Don The Safety Goggles, Light The Bunsen Burner - It's Time to Experiment

Don The Safety Goggles, Light The Bunsen Burner – It’s Time to Experiment

There was a time when you had a cigar brand and you stuck to it.


If you were a Montecristo man, Montecristo was all you smoked.


There was a comforting rhythm to your everyday life – and your favoured cigar was another brick in the wall of your personality. A man knew where he stood when he had a favourite cigar and stuck to it.


Or did he?


While he might have got a warm and fuzzy feeling when he clipped his favourite stick, what he wouldn’t have got is a surprise, a new taste – or heavens to betsy – something he may actually prefer.


The only way to find out what’s out there is to experiment. You don’t need a tripod, a gauze, a petri dish and a pair of forceps either, despite what the headline to this blog insinuates. What you need is an open mind.


Nothing will educate your palate faster than tasting different cigars.


Not only will you quickly discover what you like, dislike, can tolerate and would cross oceans to try again – you’ll also be better informed about the myriad of tobaccos on offer across the globe.


Mexican San Andres leaf? Spicy, exotic. African Cameroon? Toothy and sweet. Filler from Jalapa – bold as brass. Cuban puro – a plunge pool of flavour. You won’t know any of this if you don’t get out there – you gotta be in it to win it.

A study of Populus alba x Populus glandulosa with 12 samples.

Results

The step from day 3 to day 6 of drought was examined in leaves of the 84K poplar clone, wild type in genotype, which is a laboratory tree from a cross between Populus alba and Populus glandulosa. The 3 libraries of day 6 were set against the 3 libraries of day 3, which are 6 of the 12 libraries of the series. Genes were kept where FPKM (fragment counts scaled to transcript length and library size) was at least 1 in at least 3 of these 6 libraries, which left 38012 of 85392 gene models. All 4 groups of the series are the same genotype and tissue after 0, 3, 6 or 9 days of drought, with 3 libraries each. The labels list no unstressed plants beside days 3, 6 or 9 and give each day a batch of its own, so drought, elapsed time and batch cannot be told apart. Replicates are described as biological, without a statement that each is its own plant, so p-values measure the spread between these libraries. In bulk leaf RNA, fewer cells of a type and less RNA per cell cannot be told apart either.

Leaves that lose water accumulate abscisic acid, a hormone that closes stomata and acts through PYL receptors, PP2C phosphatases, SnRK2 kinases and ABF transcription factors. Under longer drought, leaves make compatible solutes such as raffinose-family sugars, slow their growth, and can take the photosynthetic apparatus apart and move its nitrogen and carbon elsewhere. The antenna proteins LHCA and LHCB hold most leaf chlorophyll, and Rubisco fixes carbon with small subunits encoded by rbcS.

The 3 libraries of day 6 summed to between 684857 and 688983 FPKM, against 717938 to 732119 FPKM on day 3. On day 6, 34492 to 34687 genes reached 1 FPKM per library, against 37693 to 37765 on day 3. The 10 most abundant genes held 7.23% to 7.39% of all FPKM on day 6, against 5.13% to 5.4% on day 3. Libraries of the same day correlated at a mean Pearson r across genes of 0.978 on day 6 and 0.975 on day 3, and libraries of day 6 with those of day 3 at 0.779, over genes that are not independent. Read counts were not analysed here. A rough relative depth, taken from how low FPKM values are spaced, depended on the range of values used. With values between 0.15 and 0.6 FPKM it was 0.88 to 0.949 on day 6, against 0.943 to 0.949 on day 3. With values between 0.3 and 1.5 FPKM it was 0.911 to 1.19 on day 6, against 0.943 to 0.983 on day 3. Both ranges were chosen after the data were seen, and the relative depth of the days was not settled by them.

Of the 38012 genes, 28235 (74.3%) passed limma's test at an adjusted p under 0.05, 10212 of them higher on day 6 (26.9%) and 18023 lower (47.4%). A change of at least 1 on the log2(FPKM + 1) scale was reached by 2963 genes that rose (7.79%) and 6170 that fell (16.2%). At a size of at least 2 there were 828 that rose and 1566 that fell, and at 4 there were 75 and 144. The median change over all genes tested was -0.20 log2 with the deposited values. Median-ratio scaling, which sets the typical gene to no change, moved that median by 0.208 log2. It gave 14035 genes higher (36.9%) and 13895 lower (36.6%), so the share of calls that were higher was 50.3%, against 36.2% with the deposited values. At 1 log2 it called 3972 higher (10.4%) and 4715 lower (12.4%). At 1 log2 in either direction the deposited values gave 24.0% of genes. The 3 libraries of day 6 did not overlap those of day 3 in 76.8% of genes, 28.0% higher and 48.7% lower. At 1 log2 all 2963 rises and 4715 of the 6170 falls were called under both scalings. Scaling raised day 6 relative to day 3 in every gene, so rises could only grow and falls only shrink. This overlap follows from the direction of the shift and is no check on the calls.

Pick up a handful of sticks on your next visit to your cigar merchant and make sure they are from a variety of different manufacturers and countries. Sampler packs are a good way to start; if you ask your friendly neighbourhood cigar specialist at Sautter, they’d be glad to advise and put something together for you.


To help you out, the finest premium, handrolled cigars are made in countries such as Honduras, Cuba, Nicaragua and Dominican Republic. Tobaccos from these countries and their regions all have very different characteristics. Cuban cigars are always Puros – meaning they’re made from tobacco solely from Cuba itself. But in other countries, blending tobaccos from elsewhere has become an art form. It’s by no means unusual to find a cigar with four, five or more different tobaccos in it. The fun in your experimentation is in trying to pick out the flavours and characteristics of each.


And along the way, you’ll discover a leaf that really floats your boat; it might be Ecuadorian sungrown or it might be the beautiful Rosado wrappers you sometimes find on spicy versions of the Partagas Serie D No.4 but whatever it is, it’s wonderful to nail down specifics on cigars you like.


Then, next time you fancy doing a little cigar shopping, you can look out for those cigars with your new-found favourite leaf combinations. It takes a lot of the hit and miss out of trying new cigars.


You don’t have to be a mad scientist, attaching electrodes to your cigar’s nether regions, to extract the best out of it. Just be determined to sample a broad spectrum of flavours – and never be afraid to experiment.